Ned Yost had zero worries about sending Chris Young to the mound against his former team in the pressure cauldron of the World Series.
"Chris Young doesn't have problems focusing ever," Yost said before Saturday night's Game 4. "He's an amazing competitor at the top of the class for me and terms of all the people -- all the players that I've ever had in terms of being a competitor. I mean, nothing affects him. He's going to go out and he's going to pitch his game under any circumstance."
Latest Mets stories
Saturday night's circumstance had the soft-tossing 36-year-old Young, a Met from 2011-12, facing 24-year-old Steven Matz, the Mets' gas-throwing lefthander.
Young, though departing with his club trailing 2-1, did not disappoint his manager. Young allowed two runs and two hits -- all of that in the second inning -- in his four innings, removed for pinch hitter Kendrys Morales in the fifth.
Matz allowed two runs and seven hits in five-plus innings.
The 6-10 Young, who picked up the win in the Royals' Game 1 victory with three scoreless innings in relief and who entered the game 1-0 with a 2.31 ERA overall this postseason, started his night with an 87-mph fastball to Curtis Granderson, a ball. He fell behind the Mets leadoff hitter 2-and-0 before getting Granderson to bounce into a 4-3 putout, the first out of a perfect 10-pitch first inning in which the righthander's fastest pitch came in at 88 mph.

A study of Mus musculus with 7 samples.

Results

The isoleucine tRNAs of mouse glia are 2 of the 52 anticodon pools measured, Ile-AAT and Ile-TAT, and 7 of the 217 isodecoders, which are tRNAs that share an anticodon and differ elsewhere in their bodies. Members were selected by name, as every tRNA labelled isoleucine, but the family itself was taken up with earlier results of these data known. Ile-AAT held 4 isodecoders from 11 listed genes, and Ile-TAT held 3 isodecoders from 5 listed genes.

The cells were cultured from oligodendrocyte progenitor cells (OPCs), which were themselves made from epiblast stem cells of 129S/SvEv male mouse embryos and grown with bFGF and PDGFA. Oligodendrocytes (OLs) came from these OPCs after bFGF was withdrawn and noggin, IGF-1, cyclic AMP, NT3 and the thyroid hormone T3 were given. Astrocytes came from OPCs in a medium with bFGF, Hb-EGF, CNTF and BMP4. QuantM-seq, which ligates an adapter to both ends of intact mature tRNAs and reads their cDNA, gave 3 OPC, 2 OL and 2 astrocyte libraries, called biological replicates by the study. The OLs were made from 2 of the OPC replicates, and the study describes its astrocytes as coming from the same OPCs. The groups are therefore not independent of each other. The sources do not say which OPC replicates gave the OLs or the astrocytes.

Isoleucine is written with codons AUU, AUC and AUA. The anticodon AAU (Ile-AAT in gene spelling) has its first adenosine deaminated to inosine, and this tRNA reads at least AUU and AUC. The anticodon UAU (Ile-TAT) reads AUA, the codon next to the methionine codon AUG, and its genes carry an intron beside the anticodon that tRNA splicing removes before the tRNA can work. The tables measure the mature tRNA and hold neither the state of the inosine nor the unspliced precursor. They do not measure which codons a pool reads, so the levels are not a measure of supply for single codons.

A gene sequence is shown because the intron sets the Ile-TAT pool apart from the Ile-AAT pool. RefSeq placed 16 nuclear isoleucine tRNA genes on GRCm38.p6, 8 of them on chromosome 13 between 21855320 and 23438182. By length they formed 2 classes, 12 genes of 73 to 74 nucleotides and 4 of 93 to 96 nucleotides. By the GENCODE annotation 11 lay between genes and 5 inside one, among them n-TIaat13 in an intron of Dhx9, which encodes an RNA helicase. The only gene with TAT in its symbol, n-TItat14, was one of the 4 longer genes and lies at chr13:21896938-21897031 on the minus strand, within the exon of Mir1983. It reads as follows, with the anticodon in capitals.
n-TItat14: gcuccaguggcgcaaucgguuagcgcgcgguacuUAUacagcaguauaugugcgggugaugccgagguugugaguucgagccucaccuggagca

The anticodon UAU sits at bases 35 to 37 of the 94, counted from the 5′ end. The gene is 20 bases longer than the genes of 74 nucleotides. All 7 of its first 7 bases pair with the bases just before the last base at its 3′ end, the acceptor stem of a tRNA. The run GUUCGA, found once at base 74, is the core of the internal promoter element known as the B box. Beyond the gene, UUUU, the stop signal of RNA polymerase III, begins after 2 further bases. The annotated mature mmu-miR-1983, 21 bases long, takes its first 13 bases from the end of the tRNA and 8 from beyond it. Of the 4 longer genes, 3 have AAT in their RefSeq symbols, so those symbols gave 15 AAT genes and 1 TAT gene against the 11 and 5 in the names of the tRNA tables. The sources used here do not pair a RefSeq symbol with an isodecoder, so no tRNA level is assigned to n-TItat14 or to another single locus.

Young retired the first six Mets he faced before rookie Michael Conforto led off the third with the first of his two homers on the night, driving an 87-mph fastball down the rightfield line and into the second deck to make it 1-0. Wilmer Flores followed with a single and, with Matz at the plate, moved to second on a wild pitch. Matz's sacrifice bunt put Flores at third and Granderson's sacrifice fly to right brought in the run to make it 2-0.
Rightfielder Alex Rios delayed his throw home, perhaps thinking there were three outs, but was nearly bailed out as replays showed Flores might have left early, though replay umpires Bill Welke and Ron Kulpa disagreed when the Royals challenged.
Young pitched a perfect fourth, striking out two.
"No matter who you play in the World Series, it's special, it's what every player should play for," Young said Friday. "I have a lot of friends over there, I have a great respect for their organization. I'm grateful for the opportunity they gave me. And certainly to see them and their success over the last few years, since I last played here, it's great. I'm happy for them. I just hope we find a way to beat them."